To celebrate World Indigenous Day, the Rabi Island Community Hub (RICH) hosted a successful two-day summit for the Banaban community to celebrate and honor their resilience 77 years after being displaced from their ancestral home.
The Banaban people were forcibly displaced from their indigenous lands in Banaba, Kiribati to Rabi Island, Fiji in 1945 due to extensive mining carried out by colonial authorities. The environmental destruction of their homeland and the ongoing human rights struggles they face offer powerful lessons to current and future climate-displaced communities, and were themes of this first-ever convening.
The summit was officiated by Fijian Minister for Women, Children and Social Protection, Honorable Lynda Tabuya. She conveyed her appreciation to the Rabi Council of Leaders for being named guest of honor at the celebrations, and stated: “We the indigenous peoples are inheritors and practitioners of our unique cultures and ways of relating to people and the environment. We strive to retain our social, cultural and economic and political characteristics that are distinct from those of the dominant societies in which we live.”
The United Nations message for World Indigenous Day this year was “Indigenous Youth as Agents of Change for Self Determination.” As such, the summit focused on empowering Banaban youth through an art mural project, dance, and cultural activities including weaving.
“Indigenous youth are working as agents of change at the forefront of some of the most pressing crises facing humanity today,” stated Hon. Tabuya.
“The new generation of indigenous advocates are mobilizing to shift the narrative around Indigenous Peoples. They have become the driving force for societal change through social mobilization, making use of online platforms to showcase and celebrate their cultures, languages, and knowledge systems to a wider audience”.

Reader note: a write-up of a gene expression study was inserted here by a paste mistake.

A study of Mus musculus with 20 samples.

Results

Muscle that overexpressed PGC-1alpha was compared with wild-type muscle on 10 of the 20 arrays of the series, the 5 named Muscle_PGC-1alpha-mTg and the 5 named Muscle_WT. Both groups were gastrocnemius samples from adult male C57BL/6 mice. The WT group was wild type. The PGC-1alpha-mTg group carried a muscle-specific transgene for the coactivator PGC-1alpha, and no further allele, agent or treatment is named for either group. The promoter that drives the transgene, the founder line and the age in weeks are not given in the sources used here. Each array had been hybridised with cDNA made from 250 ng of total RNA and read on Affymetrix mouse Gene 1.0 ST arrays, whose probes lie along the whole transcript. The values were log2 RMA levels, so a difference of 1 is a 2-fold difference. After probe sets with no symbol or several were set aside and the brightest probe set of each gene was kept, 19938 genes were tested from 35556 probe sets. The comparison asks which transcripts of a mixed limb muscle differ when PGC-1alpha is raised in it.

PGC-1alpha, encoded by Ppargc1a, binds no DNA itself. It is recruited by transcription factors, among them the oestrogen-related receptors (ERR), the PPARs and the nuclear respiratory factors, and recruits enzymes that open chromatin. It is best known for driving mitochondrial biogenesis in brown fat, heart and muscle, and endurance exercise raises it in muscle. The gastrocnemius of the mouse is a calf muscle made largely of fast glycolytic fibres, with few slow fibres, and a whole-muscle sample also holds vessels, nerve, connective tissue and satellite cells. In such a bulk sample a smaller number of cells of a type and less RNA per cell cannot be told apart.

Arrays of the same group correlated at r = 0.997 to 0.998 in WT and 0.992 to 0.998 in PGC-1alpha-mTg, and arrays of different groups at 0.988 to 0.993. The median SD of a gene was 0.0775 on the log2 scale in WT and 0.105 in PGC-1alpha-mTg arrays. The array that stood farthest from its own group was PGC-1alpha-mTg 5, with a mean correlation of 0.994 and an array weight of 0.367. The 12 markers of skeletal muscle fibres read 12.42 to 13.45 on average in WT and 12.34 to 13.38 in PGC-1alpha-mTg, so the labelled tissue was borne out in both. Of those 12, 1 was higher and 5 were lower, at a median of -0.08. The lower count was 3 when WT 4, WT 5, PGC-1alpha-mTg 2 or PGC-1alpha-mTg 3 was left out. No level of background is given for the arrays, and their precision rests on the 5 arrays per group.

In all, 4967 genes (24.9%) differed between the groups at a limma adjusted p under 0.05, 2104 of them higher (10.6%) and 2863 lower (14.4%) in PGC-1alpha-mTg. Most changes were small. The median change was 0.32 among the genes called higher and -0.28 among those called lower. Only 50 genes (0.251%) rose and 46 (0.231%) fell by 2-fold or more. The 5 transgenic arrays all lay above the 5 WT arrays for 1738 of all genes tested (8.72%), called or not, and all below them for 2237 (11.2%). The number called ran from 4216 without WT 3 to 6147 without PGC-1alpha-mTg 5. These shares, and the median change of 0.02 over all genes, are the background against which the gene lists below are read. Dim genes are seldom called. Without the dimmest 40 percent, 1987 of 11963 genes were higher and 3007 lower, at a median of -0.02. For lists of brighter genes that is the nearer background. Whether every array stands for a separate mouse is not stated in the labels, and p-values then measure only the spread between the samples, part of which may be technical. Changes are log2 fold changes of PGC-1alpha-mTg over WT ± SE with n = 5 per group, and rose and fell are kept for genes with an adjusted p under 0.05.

The summit was supported by the International Center for Advocates Against Discrimination (ICAAD), Unitarian Universalist Service Committee, the Fiery Canoe Foundation, Greenpeace, 350 Pacific Climate Warriors, Banaban Women Organization, Rabi Council of Leaders and the community members of Rabi. It included the launch of a virtual arts exhibition, sports and cultural activities, policy reports, and the revival of the Banaban Cultural Dancing Group to support key advocacy objectives.
Fijian Assistant Minister for Itaukei Affairs, Heritage and Arts Honorable Isikeli Tuiwailevu, also attended the summit, noting that the “the Ministry of Itaukei takes pride in preserving culture and identity and we congratulate [the Banaban community] for this undertaking.”
Hon. Tabuya also launched the Banaban Women Organization Strategic Plan 2023-2027, and commended the women of Rabi for being proactive in presenting their 5-year strategic plan to the Ministry so their needs could be best ascertained.
Banabans on Rabi face numerous challenges that include access to basic needs like food and water and socio-economic deprivation, as well as challenges in preserving cultural traditions and heritage. Banaban Women Organization has been working hard to improve these issues.
Hon. Tabuya assured the Banaban people that the Government of Fiji recognizes “the value of our diverse cultural identities, and will continue to work towards strengthening the revival and preserving of our diverse traditions, cultural identities, natural resources and languages.”
The Banaban community expressed their sincerest gratitude towards the both ministers for choosing Rabi to commemorate World Indigenous Day. As part of the celebrations, Rabi also welcomed the Greenpeace Rainbow Warrior – a ship that is currently sailing the Pacific gathering climate change evidence to present to the International Court of Justice next year.
“It was an honor to have the Greenpeace Rainbow Warrior on Rabi,” said Rae Bainteiti from RICH.